Q: What is the difference in meaning between “John didn’t come yesterday—he must have been ill” and “John didn’t come yesterday—he will have been ill”? I realize that “must” is more popular than “will” in such constructions, but does one express more certainty than the other?
A: The words “will” and “must” in your examples are epistemic modal verbs, auxiliary verbs that express probability.
As Rodney Huddleston and Geoffrey K. Pullum explain in the Cambridge Grammar of the English Language, “epistemic modality qualifies the speaker’s commitment to the truth.”
“While It was a mistake represents an unqualified assertion,” Huddleston and Pullum write, “It must have been a mistake suggests that I am drawing a conclusion from evidence rather than asserting something of whose truth I have direct knowledge.”
In your first example (“John didn’t come yesterday—he must have been ill”), the auxiliary “must” indicates that the writer (or speaker) believes John was probably ill.
In our opinion, the expression “he will have been ill” indicates somewhat more probability than “he must have been ill” (though some might argue the point). And both of them indicate a much greater probability than “he may have been ill”—another example of epistemic modality.
Huddleston and Pullum note that epistemic modality is “commonly expressed by other means than modal auxiliaries.” For example, by adverbs (“he was probably ill”), verbs (“I believe he was ill”), adjectives (“he was likely to be ill”), and nouns (“in all likelihood, he was ill”).
There are two other principal kinds of modality: deontic, which expresses permission or obligation (“He may have one more chance, but he must come tomorrow”), and dynamic, which expresses willingness or ability (“I won’t come today, but I can come tomorrow”).
In A Comprehensive Grammar of the English Language, the authors, Randolph Quirk et al., say, “At its most general, modality may be defined as the manner in which the meaning of a clause is qualified so as to reflect the speaker’s judgment of the likelihood of the preposition it expresses being true.”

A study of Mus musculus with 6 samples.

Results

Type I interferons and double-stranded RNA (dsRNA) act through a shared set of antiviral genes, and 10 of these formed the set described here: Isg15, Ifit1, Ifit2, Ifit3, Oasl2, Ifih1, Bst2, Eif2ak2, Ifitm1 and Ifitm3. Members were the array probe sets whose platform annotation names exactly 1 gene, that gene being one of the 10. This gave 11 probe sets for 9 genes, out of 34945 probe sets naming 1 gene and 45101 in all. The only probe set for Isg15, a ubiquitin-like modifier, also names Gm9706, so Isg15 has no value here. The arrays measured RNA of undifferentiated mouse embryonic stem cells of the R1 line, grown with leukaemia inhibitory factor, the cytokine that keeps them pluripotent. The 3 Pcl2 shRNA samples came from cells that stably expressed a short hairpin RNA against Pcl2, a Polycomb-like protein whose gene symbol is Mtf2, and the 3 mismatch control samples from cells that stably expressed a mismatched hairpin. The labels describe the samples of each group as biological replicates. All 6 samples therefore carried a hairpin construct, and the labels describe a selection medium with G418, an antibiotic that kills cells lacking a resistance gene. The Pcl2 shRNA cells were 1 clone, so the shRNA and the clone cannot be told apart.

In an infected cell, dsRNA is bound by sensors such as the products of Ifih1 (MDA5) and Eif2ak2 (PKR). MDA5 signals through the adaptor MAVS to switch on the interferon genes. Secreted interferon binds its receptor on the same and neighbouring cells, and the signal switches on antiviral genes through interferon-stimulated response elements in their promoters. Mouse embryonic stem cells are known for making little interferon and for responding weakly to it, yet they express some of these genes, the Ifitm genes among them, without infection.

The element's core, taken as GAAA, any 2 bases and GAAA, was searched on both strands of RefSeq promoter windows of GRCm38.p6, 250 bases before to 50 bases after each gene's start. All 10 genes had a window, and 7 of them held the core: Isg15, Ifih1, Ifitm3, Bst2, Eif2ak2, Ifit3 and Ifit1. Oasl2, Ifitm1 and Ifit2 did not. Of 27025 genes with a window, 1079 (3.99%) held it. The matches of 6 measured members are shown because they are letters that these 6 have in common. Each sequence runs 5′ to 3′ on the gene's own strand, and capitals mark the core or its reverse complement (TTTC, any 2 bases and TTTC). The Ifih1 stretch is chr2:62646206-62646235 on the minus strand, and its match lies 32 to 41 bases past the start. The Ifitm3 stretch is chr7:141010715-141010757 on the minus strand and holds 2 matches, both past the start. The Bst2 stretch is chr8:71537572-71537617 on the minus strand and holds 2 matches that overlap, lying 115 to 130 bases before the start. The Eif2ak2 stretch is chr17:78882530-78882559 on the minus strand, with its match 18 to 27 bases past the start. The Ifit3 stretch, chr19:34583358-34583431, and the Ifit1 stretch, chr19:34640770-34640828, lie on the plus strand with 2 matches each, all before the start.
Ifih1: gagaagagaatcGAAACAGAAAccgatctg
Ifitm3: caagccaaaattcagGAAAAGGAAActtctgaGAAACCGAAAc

Quirk divides the modal verbs into two types:
“(a) Those such as ‘permission,’ ‘obligation,’ and ‘volition’ which involve some kind of intrinsic human control over events, and
“(b) Those such as ‘possibility,’ ‘necessity,’ and ‘prediction,’ which do not primarily involve human control of events, but do typically involve human judgment of what is or is not likely to happen.”
Quirk adds that the two categories “may be termed intrinsic and extrinsic modality respectively,” since “each one of them has both intrinsic and extrinsic uses: for example, may has the meaning of permission (intrinsic) and the meaning of possibility (extrinsic); will has the meaning of volition (intrinsic) and the meaning of prediction (extrinsic).”
“However, there are areas of overlap and neutrality between the intrinsic and extrinsic senses of a modal: the will in a sentence such as I’ll see you tomorrow then can be said to combine the meanings of volition and prediction.”
Another point to consider, Quirk writes, “is that the modals themselves tend to have overlapping meanings, such that in some circumstances (but not in others), they can be more or less interchangeable.”
In other words, there’s a lot of ambiguity here. Or, as Quirk puts it, “the use of modal verbs is one of the more problematic areas of English grammar.”